Harley-Davidson FXS Blackline - First Ride

An old-style bobber with a new-age flair.


Oops! Make that 10 customs. The fourth and newest addition to H-D's Dark Custom series is the FXS Blackline, a $15,499 ($15,998 in two-tone) Softail cast in a clean, uncluttered bobber theme. The fenders are short, the seat is low (26.0 inches, the lowest-ever two-up H-D saddle) and the rear tire is narrow (only 144mm wide). Instrumentation is but a single pod nestled between the "Split Drag" handlebars, and the 5.0-gallon gas tank is trimmed only with the company's name in small type.

Despite having been designed with classic coolness as a priority, the Blackline is a capable road bike. The counterbalanced, Twin Cam 96B engine thrums along smoothly and—for a big-inch, air-cooled V-Twin—quietly; and though its conservative output (63.7 hp at 5000 rpm and 83.7 ft.-lb. at 3100) means the 642-pounder (dry) never cuts loose with eyeball-squashing acceleration, the Blackline leaves four-wheel traffic in its dust and jets up steep hills, even in the tallest of its six gears, without needing CPR along the way.

That helps make the FXS a pleasant road companion, whether chugging around town or cruising the open highway. The seat is supportive and the seating position feet-forward, with a lengthy but manageable reach to the grips. The 21-in. front wheel and 5.6 in. of fork travel absorb bumps nicely while the 16-in. rear and 3.6 in. out back provide a taut but acceptable ride.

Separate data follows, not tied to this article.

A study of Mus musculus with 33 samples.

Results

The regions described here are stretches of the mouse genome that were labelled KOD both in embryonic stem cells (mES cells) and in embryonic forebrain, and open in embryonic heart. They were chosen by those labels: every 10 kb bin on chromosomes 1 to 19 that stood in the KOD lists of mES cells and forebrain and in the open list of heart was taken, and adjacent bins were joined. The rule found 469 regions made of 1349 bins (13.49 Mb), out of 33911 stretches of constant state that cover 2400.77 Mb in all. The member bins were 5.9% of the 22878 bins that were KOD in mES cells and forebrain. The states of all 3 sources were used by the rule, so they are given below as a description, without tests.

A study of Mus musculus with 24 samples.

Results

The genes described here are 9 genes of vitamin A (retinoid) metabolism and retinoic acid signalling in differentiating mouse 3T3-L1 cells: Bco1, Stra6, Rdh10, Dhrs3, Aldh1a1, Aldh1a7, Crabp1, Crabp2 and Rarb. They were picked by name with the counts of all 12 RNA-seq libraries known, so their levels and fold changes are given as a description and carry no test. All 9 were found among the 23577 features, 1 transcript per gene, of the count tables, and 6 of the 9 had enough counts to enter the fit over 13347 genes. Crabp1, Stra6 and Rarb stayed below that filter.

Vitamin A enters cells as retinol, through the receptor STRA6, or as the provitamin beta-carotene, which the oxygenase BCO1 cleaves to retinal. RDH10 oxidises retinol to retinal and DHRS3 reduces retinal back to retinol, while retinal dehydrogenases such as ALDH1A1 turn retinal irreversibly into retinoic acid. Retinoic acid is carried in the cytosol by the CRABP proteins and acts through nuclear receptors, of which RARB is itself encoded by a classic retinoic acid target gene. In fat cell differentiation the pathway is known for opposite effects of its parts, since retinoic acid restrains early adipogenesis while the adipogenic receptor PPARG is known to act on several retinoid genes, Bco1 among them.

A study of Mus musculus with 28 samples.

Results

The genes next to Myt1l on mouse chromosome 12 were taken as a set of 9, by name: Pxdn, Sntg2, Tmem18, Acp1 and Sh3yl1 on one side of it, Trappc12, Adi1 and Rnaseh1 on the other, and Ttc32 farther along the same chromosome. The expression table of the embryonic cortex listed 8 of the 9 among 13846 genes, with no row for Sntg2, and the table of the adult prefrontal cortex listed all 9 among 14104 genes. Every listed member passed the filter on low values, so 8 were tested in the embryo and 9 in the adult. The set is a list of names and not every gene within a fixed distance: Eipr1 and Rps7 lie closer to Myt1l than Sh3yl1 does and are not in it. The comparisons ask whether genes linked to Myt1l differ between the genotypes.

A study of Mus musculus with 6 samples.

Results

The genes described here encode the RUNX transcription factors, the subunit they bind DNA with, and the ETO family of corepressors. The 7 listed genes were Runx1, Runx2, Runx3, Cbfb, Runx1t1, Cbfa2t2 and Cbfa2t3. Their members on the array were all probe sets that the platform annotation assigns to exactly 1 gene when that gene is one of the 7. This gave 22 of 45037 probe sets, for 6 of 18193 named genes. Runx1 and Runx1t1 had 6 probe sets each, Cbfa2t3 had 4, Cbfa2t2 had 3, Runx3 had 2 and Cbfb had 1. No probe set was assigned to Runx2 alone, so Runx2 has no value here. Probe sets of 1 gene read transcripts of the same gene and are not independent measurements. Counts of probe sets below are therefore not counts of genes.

At speed, the Blackline is as stable as a parked bus, the result of its long (66.4 in.) wheelbase, 33.5-degree fork angle (30 deg. in the steering head, with the fork kicked out another 3.5 deg.) and 4.8 in. of trail. With that geometry, the steering is a tad floppy at walking speeds, and a hint of that trait remains when turning city corners, but it goes away above 20 or 25 mph. Otherwise, the FXS manages urban trawling with expert-level composure, aided by a light clutch pull and smooth shifting.

Even on meandering country two-lanes, the Blackline handles lightly and willingly. Turn-in only calls for an easy touch on the grips, and the bike arcs through corners without need for constant correction. Just don’t try to do it with a lot of lean: The FXS is low-slung, and its forward-mount footpegs stick out quite far, so there’s very limited cornering clearance. You can drag the peg feelers on simple turns, like when leaving driveways and rounding city street corners, and any form of backroad hustling is entirely out of the question.

For riders drawn to custom-styled cruisers, that shouldn’t be a deal-breaker. They’ll instead be enamored with the Blackline’s superb build quality, its flawless paint, its lustrous chrome and its ease of operation—not to mention its authenticity as a custom that’s a Harley through and through.